Last week’s New England Children’s Booksellers Association spring gathering, held on May 8 at the offices of 24-year-old Charlesbridge in Watertown, Mass., focused on how independent presses work. The day began with booksellers sharing current favorites, from RITA Award-winning romance author Sherry Thomas’s first YA, The Burning Sky (HarperCollins/Balzer + Bray, Sept.), which Keri Patch at Harvard Book Store in Cambridge, Mass., called “a book that could take off,” to Elizabeth Hand (Radiant Days, Viking, 2012), who should be better known, according to Jan Hall at Partners Village Store in Westport, Conn. “Her writing is just amazing,” said Hall, who is also a fan of Hand’s adult crime novel Available Dark.
Charlesbridge v-p and associate publisher Mary Ann Sabia welcomed the group and credited indie booksellers with enabling her company to grow. “You took a chance and put our books in your stores,” she said. During a tour of the editorial, accounting, and design departments Sabia and other staffers answered questions; of particular interest was how Charlesbridge acquires books and how long it takes from acquisition to publication. “A minimum of two years once it comes in,” responded editorial director Yolanda Scott. “Seventy percent of what we sign is agented. It’s easier to get into Harvard than to get an unsolicited book published.” The press fields 30 to 50 agented manuscripts a month and another 300 from the slush pile.
That two-year time span includes a lot of back and forth with the printer. Art director Susan Sherman spoke about the printing process and shared original art, finished books, and proofs from the press’s printer in Singapore, so that booksellers could see the difference. Like many houses, Charlesbridge prints its picture books overseas. Sherman explained that instead of traveling to Asia to watch the books on press, as art directors once did, she checks scans for dust, color contrast, and image problems. Books with straight text are printed in the U.S.
As booksellers looked at the proofs, it became clear why a picture book can take so long: like other picture book publishers, Charlesbridge checks carefully to make sure that the text is properly translated into the art. Designer Martha Sikkema demo’ed the use of Photoshop for fabricating changes or even fixing a piece of art that’s been torn. The type of change determines whether the publisher or the illustrator makes the correction. Booksellers also had a chance to view different sizes of blank dummies that designers use to wrap jacket designs around and to get a better sense of how a particular manuscript can best be translated into print.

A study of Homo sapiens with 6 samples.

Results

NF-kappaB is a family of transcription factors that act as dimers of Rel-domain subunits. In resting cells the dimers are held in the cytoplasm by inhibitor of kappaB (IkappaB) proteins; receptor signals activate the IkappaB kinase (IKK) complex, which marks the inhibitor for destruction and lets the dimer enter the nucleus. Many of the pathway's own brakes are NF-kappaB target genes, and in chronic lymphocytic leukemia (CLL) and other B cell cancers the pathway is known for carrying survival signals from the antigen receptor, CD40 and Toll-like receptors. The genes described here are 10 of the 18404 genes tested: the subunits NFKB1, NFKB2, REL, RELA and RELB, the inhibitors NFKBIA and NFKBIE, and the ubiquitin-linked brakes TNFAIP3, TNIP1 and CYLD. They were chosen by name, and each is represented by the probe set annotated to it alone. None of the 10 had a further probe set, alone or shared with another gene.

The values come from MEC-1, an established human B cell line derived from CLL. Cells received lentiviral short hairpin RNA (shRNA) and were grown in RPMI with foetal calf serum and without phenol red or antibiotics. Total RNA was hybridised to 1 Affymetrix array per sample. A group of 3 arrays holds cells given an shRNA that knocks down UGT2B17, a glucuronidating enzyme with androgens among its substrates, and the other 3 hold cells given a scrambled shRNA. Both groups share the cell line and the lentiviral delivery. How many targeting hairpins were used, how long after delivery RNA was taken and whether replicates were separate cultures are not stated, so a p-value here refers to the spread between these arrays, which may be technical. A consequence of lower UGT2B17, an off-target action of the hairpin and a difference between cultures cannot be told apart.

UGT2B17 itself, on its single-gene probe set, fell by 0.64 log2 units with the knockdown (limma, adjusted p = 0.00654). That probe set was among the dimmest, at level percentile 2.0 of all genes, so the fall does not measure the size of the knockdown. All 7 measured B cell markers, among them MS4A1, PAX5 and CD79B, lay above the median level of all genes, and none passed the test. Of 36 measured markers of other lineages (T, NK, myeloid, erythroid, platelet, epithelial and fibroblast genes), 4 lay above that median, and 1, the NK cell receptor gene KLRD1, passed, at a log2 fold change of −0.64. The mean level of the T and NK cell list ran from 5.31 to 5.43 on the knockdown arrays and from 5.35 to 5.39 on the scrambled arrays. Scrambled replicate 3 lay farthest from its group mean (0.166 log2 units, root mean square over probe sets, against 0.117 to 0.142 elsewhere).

Getting the cover design right can be time-consuming, a point made by those working in the art department and again when Scott gave a presentation on Eve Bunting’s The Cart That Carried Martin, illustrated by Don Tate, an October book that tells Martin Luther King Jr.’s life story looking back from the day he died. Associate art director Diane Earle explained how carefully the staff reviewed photos and news clips from King’s funeral so that each spread would accurately reflect what happened. Scott discussed the decision to let readers know from the get-go with the cover art that the “Martin” in the title is in fact Martin Luther King. Rather than change the title the press used an image of Dr. King on a poster held up by people who lined the cart’s route, as many did that day.
To a question of how the press decides how many copies to print, Sabia said that it’s not always easy to determine. “We’re never sure if it’s a three-month supply or two months,” she said. Among the factors that she tries to take into consideration is the eight- to 12-week shipping time for books printed in Asia.
In addition to offering sneak peaks of several upcoming books like Terror Birds (Aug.) by Sarah Thomson, illustrated by Andrew Plant – the first book in Charlesbridge’s new Ancient Animals early reader series – and Alma Flor Ada’s and F. Isabel Campoy’s Yes, We Are Latinos! (Aug.), illustrated by David Diaz, Charlesbridge staff also gave a brief history of the Common Core, which emerged from the Race to the Top educational initiative. It’s something that they are particularly conscious of with so many of their books geared to classroom and library use.
As Hall wrote in a thank-you e-mail that she shared with other booksellers: “Seeing the author’s art work on display, the offices, and just a tip of the daily operations gave us all a real appreciation for what you do, the care and attention you give your authors and artists, and why your books are worth our extra attention. All we learned enhances the appeal of your books, and increases the pleasure of selling them, and working with you.”